As a business owner, you have an abundance of responsibilities. But there is one that isn’t fun to have – the ability to fire an employee. Of course, you’re always looking for ways to limit employee turnover. Despite this, in certain circumstances, it’s a must.
A task that many business owners hate to carry out, it’s something that needs to be done professionally and efficiently every time. However, understandably, it can be a very daunting process to plan.
Therefore, to help guide you, here are 6 steps you can take when firing an employee:
#1 Arrange a Time To Talk
When you’re considering firing a certain employee, it’s vital that you take the time to talk to them first.
Discussing the issue – whether it be their drop in performance or an incident that occurred, it’s important to give them the benefit of the doubt before taking the leap and taking further action.
In this meeting, be honest and explain what you’ve noticed or what you’ve overheard around the office. Giving your employee the chance to explain, you’ll be able to hear all sides of the story. From this, any misunderstandings could then be cleared up.
#2 Create a Clear Plan of Action
At the end of your meeting, talk about what the next steps will be to make things better. You both want to find a solution that benefits not only the business but everyone involved.
So try and create this before you fire them. Plan to meet them again for another discussion in a few weeks/the following month to see how the plan has come into action.
#3 Understand the Laws
When you’re considering firing someone, it’s important that you understand the laws surrounding this action.
For example, certain laws are related to gender, age, race, and disability that could have significance. To ensure that you’re not in the wrong, make sure that you talk through your decision with your counsel.
#4 Know the Right Things to Say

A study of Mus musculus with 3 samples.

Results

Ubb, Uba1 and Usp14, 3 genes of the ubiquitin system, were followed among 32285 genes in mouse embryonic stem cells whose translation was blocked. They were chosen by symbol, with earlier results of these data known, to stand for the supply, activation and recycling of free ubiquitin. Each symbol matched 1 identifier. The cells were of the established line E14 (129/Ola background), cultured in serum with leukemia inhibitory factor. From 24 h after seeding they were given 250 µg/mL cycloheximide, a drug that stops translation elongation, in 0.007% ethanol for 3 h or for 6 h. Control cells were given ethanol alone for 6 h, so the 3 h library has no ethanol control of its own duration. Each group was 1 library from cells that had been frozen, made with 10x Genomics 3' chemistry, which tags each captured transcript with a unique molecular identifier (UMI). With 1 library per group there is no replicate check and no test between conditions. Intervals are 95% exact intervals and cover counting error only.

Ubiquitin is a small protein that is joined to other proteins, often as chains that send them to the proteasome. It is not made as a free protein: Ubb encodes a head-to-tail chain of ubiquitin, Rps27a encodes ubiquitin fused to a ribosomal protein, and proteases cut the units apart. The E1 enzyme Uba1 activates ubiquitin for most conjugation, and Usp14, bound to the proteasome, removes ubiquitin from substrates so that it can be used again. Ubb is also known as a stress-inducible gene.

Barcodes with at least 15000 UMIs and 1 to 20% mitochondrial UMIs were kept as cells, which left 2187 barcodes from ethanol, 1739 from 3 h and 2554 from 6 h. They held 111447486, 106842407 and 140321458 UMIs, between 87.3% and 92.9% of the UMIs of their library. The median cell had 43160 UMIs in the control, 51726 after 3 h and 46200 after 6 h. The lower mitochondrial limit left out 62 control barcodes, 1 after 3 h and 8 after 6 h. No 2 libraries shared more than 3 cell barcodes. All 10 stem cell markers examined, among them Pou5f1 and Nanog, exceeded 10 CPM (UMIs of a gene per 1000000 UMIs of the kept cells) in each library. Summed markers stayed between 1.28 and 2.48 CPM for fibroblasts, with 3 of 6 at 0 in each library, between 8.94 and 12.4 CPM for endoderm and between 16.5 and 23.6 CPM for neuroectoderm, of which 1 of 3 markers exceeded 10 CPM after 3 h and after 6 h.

If you have given them the benefit of the doubt and their performance isn’t improving/what they did proves to go against company policy then it’s time to terminate their contract. But when you’re doing this, you need to know what the right things to say are.
This can be incredibly daunting, especially if you’ve not fired someone before. So before you go into the meeting, sit down and plan out what you should say/what to avoid saying. You want to keep it short and precise while being empathetic.
Explain exactly why they have been fired with the assistance of a member of HR and manage the process as professionally as possible.
#5 Determining Whether They Should Have Severance Pay
If the employee has been fired without cause, you may have to pay them severance pay. But how do you determine what the appropriate severance pay is?
Well, it will depend on several factors, including statute laws and what their employment contract states.
Therefore, it’s a good idea to work out exactly how much you’ll have to pay them ahead of time so that you can budget for it.
#6 Decide on the Steps Following the Termination
Following the termination, you need to think about how the change will affect the team’s schedule.
No matter what role they had, chances are there will be a gap left behind that other employees have to fill. It’s therefore worth looking at the team’s planner and determining who can cover the work before a new employee is found.